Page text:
THE CMA CGM Group has halved one contingency fee levied on shippers on its NEMO service between Australia and Europe, effective immediately.

The charge was amongst more than a dozen introduced on various CMA CGM trades forced to divert away from Red Sea transits following increasing security risks arising from the Israel/Hamas conflict.

In the case of NEMO, vessels were then forced to begin – and still are – sailing around the Cape of Good Hope instead of through the Mediterranean and Suez Canal, adding to voyage time/distance and requiring an additional ship to maintain the weekly schedule.

On 20 December 2023 a contingency fee of US$1550 per container (TEU and FEU, dry and reefer) was introduced for all NEMO sailings in both directions.

As of 26 April this was updated to US$775 per TEU and 1550 per FEU for cargo from Europe, the Mediterranean and North Africa to Australia.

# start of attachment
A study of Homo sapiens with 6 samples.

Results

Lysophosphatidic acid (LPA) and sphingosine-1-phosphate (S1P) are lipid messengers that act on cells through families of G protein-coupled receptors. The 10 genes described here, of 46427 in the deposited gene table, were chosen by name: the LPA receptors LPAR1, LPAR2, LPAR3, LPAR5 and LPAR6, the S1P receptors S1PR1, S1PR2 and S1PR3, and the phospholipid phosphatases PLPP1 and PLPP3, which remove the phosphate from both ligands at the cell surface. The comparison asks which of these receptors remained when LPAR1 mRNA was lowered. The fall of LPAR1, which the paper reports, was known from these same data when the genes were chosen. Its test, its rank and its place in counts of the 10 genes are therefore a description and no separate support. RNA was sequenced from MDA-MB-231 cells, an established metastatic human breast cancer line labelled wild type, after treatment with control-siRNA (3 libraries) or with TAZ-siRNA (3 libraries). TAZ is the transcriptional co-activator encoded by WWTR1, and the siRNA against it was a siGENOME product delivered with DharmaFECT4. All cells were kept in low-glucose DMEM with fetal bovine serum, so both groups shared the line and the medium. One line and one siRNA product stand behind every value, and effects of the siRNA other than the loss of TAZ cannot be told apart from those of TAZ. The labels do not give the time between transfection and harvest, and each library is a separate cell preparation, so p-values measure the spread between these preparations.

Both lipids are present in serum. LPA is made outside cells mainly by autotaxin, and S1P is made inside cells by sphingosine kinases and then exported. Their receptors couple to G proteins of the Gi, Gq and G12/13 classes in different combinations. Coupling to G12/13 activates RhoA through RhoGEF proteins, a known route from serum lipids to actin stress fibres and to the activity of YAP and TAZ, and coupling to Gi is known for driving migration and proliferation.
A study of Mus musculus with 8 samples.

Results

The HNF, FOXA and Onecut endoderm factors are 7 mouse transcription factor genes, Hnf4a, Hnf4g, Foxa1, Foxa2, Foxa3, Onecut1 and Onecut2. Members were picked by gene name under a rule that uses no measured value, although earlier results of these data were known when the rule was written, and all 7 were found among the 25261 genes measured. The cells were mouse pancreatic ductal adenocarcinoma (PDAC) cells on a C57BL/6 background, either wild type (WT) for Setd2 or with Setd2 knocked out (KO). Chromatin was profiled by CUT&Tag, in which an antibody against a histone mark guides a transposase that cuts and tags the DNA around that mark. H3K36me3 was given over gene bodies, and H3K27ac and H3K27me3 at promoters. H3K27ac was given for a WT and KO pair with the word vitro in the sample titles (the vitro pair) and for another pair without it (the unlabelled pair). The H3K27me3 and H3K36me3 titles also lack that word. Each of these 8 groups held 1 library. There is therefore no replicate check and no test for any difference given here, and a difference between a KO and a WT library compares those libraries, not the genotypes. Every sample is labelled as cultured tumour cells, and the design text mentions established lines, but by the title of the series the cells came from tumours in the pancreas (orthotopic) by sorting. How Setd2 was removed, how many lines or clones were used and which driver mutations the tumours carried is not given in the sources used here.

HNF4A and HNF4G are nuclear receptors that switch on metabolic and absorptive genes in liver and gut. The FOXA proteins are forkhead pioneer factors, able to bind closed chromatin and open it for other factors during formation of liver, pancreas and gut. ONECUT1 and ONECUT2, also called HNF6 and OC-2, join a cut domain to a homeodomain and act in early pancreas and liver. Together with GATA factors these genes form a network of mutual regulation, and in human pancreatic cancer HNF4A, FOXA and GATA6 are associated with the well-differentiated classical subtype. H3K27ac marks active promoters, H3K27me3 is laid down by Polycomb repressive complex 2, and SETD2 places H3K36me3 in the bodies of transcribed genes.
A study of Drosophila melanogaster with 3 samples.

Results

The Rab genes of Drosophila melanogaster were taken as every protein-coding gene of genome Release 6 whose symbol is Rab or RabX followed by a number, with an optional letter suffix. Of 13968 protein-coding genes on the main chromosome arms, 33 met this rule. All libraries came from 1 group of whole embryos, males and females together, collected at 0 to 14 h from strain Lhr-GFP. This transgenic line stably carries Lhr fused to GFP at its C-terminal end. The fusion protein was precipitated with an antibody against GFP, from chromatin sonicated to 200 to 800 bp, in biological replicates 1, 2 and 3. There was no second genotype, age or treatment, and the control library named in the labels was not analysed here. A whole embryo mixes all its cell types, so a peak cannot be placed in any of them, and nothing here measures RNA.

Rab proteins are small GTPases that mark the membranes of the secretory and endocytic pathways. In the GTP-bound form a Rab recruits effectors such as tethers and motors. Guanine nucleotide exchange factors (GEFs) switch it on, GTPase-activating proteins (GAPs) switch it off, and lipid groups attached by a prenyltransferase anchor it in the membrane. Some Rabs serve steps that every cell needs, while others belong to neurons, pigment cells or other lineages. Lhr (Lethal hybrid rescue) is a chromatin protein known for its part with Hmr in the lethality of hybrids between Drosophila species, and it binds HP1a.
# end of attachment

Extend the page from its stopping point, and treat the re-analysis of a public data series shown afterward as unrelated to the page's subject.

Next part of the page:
Meanwhile, the NEMO vessel APL New York has been stranded at VICT in Melbourne for several days, having arrived at 1800 on 24 April but is still on the berth this afternoon [30 April]. DCN had been unable to establish the cause of the delay at time of publication.

Separately, in the USA CMA CGM has become the latest carrier to have charges filed against it with the Federal Maritime Commission alleging unfair detention and demurrage charges.

Californian haulier Access One Transport is claiming US$77,000 plus damages alleging violations of the Shipping Act between April 2021 and June 2022, when it was charged for empty containers it was prevented from returning to the line’s designated terminals.